To Jennifer Gilroy and Amy Britt, the couple responsible for the award-winning wine and small plate restaurant, Meditrina, it’s the personal touches that matter. After coming from backgrounds in nightclub management and the corporate sector, they started the foodie heaven in 2008 without investors, so little things are constantly improving. Having followed their own passions for food and excellent wine, they say it’s the energy of the place that makes it unique. It’s easy to feel at home there, but I don’t know any people who enjoy Grilled Octopus with Blueberry Mostarda and Spiced Grilled Cabbage, or Braised Pork Cheeks with Housemade Coriander Pickles, Red-Eye Gravy and Quail Egg with an exquisite Cabernet or Tempranillo at home! The two are eager for the future when they plan to expand their already popular wine socials into full wine-pairing dinners as well as add a private table in their restaurant’s own garden. Check out Meditrina for a formal evening or a casual night with friends.
SLUG: Tell us about your first experience with SLUG Magazine.
Gilroy: We saw it at RedRock—we didn’t know there was a magazine like that in Salt Lake.
SLUG: How have you seen the magazine change since then?
Gilroy: To me, it’s evolved: a little more in depth, more detailed. As far as getting involved in the dining scene and stuff like that, it’s definitely improved.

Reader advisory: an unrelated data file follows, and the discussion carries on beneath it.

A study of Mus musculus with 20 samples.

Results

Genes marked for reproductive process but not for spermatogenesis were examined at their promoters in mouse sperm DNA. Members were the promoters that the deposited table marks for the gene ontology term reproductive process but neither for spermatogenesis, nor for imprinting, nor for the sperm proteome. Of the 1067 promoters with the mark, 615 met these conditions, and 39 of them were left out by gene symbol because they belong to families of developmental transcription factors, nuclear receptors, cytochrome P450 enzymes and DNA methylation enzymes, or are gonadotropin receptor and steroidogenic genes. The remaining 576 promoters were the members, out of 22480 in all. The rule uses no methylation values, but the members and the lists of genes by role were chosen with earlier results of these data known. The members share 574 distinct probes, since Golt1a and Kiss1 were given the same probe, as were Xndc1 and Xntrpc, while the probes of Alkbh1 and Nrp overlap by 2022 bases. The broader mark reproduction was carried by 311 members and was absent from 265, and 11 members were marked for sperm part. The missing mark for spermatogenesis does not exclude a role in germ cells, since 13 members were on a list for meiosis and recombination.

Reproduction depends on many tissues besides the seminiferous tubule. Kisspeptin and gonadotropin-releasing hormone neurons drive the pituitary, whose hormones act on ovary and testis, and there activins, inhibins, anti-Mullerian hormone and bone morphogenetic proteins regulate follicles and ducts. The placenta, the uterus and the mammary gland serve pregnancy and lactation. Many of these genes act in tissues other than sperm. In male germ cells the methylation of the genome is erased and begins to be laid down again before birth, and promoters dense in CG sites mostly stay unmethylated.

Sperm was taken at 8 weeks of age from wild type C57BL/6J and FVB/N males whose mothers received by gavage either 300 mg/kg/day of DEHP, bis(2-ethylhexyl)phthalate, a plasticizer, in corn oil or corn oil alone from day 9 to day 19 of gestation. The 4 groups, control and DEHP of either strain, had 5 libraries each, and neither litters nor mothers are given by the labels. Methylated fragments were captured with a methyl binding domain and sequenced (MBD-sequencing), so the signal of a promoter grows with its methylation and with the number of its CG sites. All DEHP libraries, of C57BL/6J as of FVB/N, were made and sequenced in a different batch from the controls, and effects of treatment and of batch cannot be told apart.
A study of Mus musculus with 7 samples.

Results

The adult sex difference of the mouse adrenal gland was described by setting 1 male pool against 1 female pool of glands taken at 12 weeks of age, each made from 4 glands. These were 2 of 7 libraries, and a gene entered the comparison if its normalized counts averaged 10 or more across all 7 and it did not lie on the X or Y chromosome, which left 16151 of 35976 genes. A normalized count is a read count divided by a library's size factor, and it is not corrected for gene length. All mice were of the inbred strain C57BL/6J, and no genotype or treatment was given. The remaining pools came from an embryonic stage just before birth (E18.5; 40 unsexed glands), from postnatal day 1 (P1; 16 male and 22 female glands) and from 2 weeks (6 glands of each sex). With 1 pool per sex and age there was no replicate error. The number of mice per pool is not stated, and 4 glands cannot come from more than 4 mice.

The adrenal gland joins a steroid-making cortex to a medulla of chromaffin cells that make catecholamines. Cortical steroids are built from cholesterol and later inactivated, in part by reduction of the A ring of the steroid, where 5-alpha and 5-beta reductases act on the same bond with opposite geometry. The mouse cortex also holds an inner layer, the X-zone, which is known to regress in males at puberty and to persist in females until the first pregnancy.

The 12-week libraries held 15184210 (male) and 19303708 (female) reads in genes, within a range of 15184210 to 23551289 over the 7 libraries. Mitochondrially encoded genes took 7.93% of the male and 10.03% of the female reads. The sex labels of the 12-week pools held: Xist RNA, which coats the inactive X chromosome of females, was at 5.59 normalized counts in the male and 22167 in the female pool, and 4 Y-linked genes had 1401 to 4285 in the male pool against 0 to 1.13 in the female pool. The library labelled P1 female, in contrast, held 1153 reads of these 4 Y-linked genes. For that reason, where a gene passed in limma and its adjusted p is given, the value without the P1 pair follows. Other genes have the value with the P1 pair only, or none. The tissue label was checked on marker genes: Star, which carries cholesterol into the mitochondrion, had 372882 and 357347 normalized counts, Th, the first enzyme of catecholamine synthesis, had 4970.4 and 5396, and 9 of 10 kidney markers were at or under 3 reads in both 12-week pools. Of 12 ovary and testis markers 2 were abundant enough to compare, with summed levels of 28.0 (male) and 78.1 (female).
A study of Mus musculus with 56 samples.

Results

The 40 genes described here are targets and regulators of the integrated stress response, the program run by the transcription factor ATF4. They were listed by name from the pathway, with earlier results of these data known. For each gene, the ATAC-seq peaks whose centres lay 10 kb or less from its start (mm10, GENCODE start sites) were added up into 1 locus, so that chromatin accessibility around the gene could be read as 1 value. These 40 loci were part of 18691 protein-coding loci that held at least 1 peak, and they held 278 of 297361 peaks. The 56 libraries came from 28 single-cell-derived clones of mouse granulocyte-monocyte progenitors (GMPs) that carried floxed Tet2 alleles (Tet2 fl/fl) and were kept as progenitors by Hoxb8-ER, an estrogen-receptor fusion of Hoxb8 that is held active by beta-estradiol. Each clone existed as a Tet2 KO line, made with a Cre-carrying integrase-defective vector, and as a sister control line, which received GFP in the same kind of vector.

SLUG: What is one of the most memorable SLUG articles that you have read?
Britt: Well, my favorite thing about SLUG is it’s full of unfiltered opinions, people can say what they want. It’s like watching the rated “R” HBO channel for the first time.
SLUG: What is your favorite SLUG cover?
Britt: A cover that looked like an old Rob Roskopp skateboard deck, I can’t remember which month.
SLUG: Tell us about a memorable SLUG event that you’ve attended.
Gilroy: SLUG Pride parade. We’ve always found the SLUG folk, it’s just fun! [They’re] a good group to hang with.
SLUG: How has SLUG affected your life?
Gilroy: The people at SLUG are just amazing. We’ve grown to love Angela—she’s involved in anything she can be.
SLUG: Why do you think SLUG has continued to be relevant in Utah for the last 22 years?
Britt: It offers people an alternative to everything else that you see here. It’s not competing with anyone else, just doing its own thing.